Horst Schulze, former president of the Ritz Carlton Hotels company, is known for his masterful ability to create a culture of first-class service. Under his leadership, his companies have received some of the highest awards their industry gives. When asked, “How did you build this culture,” Horst can literally give you hours of discussion on the things that shape an environment of friendly, helpful service.
Part of establishing that culture involves teaching every employee that it is “your responsibility” to take care of needs, questions, and concerns customers bring to you. Schulze describes this like going to your mother’s house. When you visit momma’s house, she wants to take care of everything. In one interview, Schulze mused, “Mom never called the manager when there was a problem. She said, ‘Come here, I’m here for you.’” In his experience, a top-notch service culture is created when every employee purposefully takes the time to handle any problem and see its solution all the way to the end.
Christians can learn a lot from this philosophy. A lot of Christians have developed a habit of passing on struggles that brothers and sisters share with them. We say, “Well, maybe you need to talk to the preacher or the elders.” Don’t get me wrong. There is certainly a time and place for that. Yet, some do it as our default response to practically every burden shared. Consider God’s encouragement on this matter…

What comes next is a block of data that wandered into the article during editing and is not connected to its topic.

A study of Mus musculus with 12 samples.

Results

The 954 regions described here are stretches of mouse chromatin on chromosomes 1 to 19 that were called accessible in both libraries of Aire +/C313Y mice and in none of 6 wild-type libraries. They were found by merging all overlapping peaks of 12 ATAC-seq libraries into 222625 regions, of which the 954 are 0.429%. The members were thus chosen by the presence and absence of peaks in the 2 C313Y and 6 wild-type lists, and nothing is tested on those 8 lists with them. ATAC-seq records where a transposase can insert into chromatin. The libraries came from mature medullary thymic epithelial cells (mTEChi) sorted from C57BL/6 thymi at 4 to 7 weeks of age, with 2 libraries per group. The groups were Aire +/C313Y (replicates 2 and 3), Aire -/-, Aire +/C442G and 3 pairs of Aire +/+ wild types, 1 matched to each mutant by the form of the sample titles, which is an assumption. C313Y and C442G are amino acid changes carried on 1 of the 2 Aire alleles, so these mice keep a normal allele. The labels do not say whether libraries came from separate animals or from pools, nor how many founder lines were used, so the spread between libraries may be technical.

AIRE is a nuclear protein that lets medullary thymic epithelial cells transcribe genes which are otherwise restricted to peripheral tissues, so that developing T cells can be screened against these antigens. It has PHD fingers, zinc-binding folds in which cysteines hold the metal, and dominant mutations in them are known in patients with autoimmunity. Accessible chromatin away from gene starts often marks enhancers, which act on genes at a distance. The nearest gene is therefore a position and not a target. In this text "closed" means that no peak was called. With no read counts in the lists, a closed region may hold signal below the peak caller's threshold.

* 1 Thess. 5:14 – And we urge you, brothers, admonish the idle, encourage the fainthearted, help the weak, be patient with them all.
* Gal. 6:2 – Bear one another’s burdens, and so fulfill the law of Christ.
* Rom. 15:1 – We who are strong have an obligation to bear with the failings of the weak, and not to please ourselves.
No doubt, it takes a very focused effort to change a habit of “passing-on” burdens. It requires that we focus on learning how to address burdens. Much of that training, though, comes through the experience of being there for people. We need to learn to say, “I’m here for you,” instead of, “Let me find the manager.” If Horst Schulze can do it with a company like Ritz Carlton, certainly we can do it as the family of God.